The Florida Chamber of Commerce came out in support of the new Seminole Compact on Thursday, releasing poll results showing three-quarters of voters say the blackjack deal “has been good for the state.”
The deal, negotiated by Gov. Rick Scott, allows the Seminole Tribe of Florida to continue offering blackjack at its casinos in return for a $3 billion cut to the state over seven years.
In 2010, the tribe agreed to pay at least $1 billion into the state treasury for rights to offer the card game at seven of its casinos, including the Seminole Hard Rock Hotel & Casino in Tampa. That provision expired this past summer, requiring a new meeting of minds.
“Floridians are nearly unanimous in agreeing that our state is a family-friendly tourist destination, and support a continued partnership with the Seminole Tribe of Florida,” Mark Wilson, president of the Florida Chamber, said in a statement.
The new compact “presents Florida with the most reasonable path toward controlled gaming operations that also provide significant economic stability to Florida,” he added.
“After hearing the details of the (new) proposal, three-fourths of voters in Florida believe the Legislature should approve of the new 20-year Compact,” the Chamber’s press release said. “This clearly indicates that as voters become more educated as to what is included in this new Compact, public support should increase.”
Not everyone else agrees.
The 63-page document also would let the Seminoles add roulette and craps tables, as well as permit the Legislature to OK slot machines at the Palm Beach Kennel Club and allow blackjack at some South Florida racetracks “with some limitations.”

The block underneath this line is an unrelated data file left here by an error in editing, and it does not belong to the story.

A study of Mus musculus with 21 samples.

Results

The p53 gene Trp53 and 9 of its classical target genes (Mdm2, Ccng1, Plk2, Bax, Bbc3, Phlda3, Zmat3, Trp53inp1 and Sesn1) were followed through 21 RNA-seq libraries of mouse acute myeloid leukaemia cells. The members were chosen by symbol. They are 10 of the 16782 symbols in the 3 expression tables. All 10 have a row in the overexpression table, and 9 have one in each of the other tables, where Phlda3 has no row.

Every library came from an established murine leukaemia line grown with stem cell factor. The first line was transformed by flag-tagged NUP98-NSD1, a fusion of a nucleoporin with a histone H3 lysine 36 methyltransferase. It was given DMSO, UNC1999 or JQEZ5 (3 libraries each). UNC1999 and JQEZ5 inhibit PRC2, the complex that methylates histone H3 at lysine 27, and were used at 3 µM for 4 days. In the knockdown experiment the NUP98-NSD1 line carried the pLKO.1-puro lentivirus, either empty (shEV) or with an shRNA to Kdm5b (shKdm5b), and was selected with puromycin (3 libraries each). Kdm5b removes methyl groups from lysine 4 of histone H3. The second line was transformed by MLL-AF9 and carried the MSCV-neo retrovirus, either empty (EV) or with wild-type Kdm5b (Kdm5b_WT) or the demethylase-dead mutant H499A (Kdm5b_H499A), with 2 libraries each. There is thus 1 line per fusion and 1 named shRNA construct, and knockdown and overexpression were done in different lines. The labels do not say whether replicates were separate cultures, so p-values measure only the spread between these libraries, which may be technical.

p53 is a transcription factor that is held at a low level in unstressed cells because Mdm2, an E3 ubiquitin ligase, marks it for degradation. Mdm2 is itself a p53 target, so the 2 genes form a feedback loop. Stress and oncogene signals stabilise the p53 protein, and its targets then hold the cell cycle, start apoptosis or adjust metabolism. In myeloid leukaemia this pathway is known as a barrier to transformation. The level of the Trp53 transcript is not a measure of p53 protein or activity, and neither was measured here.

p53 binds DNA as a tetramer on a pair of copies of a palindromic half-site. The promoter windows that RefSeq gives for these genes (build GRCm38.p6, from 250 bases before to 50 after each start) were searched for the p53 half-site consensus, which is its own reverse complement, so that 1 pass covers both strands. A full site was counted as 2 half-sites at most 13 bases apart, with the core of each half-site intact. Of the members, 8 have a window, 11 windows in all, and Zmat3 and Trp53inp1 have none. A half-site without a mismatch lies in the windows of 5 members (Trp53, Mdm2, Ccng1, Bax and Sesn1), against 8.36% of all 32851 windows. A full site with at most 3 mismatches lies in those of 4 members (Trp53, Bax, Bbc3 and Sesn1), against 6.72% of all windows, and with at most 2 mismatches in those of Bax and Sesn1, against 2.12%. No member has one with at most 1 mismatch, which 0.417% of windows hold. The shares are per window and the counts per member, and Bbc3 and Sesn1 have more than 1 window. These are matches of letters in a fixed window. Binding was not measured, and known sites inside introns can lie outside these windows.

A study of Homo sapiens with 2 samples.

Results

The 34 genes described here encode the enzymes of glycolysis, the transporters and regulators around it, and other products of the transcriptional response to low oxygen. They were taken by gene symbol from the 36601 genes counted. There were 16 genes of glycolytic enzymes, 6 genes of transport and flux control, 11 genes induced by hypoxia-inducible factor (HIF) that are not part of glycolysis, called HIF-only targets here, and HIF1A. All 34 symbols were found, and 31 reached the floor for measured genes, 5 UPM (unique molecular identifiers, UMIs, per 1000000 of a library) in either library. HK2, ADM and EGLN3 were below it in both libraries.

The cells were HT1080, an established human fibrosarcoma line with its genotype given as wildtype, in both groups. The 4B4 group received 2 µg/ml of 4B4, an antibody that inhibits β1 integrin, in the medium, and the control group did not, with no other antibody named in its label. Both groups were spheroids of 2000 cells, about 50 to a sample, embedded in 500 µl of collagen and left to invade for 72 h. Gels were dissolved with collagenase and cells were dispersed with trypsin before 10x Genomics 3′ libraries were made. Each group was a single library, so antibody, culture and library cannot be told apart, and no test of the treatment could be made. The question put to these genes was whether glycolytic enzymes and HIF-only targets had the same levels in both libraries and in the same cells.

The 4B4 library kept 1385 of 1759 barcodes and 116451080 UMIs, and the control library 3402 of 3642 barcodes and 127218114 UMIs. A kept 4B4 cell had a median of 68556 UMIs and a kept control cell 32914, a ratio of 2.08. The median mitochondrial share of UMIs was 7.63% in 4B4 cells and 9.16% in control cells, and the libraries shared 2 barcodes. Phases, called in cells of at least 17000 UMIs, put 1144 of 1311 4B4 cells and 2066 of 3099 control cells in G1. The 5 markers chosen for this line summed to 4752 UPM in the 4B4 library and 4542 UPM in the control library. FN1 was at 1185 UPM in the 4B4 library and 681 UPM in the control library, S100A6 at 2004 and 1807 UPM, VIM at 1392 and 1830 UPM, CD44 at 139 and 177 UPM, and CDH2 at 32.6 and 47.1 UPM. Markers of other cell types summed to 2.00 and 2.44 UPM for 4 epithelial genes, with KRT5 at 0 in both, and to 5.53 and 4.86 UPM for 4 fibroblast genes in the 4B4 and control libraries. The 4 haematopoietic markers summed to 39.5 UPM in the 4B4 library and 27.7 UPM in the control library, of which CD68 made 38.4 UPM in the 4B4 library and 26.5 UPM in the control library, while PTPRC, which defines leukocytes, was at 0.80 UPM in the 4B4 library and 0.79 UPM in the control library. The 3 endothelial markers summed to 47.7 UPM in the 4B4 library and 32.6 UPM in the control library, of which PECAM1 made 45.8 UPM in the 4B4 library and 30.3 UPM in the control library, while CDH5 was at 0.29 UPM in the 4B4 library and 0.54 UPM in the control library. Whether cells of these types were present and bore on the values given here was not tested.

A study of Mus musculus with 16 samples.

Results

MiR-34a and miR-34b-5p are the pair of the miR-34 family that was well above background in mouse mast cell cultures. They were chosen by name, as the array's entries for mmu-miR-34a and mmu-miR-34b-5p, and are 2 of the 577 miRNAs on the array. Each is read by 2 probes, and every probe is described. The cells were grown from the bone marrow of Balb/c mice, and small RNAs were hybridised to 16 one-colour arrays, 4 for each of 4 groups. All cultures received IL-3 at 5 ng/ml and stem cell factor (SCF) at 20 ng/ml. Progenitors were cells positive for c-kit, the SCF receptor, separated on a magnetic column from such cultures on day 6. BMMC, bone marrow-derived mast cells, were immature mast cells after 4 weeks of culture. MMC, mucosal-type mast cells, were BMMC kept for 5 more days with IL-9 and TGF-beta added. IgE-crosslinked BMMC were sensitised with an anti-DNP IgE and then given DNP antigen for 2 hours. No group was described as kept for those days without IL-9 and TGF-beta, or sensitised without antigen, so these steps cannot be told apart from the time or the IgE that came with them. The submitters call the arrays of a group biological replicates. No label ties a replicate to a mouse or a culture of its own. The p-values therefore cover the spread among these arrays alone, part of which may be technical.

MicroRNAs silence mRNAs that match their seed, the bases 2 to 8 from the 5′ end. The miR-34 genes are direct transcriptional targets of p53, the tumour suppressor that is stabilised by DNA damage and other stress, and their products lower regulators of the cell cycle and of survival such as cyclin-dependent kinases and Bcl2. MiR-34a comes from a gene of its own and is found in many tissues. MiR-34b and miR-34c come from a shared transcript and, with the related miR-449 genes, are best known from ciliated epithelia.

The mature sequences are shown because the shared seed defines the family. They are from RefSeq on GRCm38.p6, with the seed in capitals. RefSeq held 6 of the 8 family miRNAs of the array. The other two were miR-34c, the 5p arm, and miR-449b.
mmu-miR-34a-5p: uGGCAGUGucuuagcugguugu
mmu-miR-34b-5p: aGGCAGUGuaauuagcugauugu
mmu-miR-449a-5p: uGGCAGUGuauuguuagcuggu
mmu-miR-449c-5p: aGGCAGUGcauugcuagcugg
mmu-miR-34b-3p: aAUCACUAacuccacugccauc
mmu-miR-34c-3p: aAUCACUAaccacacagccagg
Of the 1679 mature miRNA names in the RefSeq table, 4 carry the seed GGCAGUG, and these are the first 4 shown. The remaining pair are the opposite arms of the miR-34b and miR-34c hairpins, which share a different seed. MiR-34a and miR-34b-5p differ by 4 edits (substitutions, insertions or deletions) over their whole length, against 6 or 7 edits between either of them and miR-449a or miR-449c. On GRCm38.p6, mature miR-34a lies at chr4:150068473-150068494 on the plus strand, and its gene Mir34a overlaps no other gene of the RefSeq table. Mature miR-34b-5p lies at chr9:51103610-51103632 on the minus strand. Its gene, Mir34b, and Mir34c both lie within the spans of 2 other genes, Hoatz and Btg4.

John Sowinski, who leads the No Casinos anti-expansion group, has said the renegotiated agreement “will lead to the largest gambling expansion in state history, taking South Florida in the direction of Las Vegas and Atlantic City.”
And even Scott backpedaled just a day after announcing the deal last month, saying state lawmakers will “make a decision if they want to look at the compact … It’s good for the state. But the Legislature will decide whether they want to go forward.”
The Chamber’s poll was conducted by Public Opinion Strategies in Alexandria, Virginia, on Dec. 28-30, with 700 registered voters and a margin of error of plus or minus 3.7 percent.
Other findings from the poll include:
- When asked whether the agreement between the state and the Tribe has been mostly good for the state, mostly bad for the state or somewhere in-between, fully 30 percent of Floridians say it’s been mostly good, 11 percent say it’s been mostly bad, and 54 percent say it’s “somewhere in-between.”
- By a wide 38 percent to 11 percent margin, Florida voters think the Seminole Tribe kept its end of the agreement with the state to provide a minimum of $1 billion over five years in revenue.
- Fully 95 percent of Florida voters say that they consider the state’s entertainment options to be “family-friendly.”
- When asked whether the opportunities for gambling in the state should be expanded, reduced or kept at about the same level, the number of Florida voters who opt for keeping them at about the same level outnumber those who want an increase or a decrease by about 2-to-1. (Keep them the same – 53 percent, expand – 27 percent, reduce – 19 percent).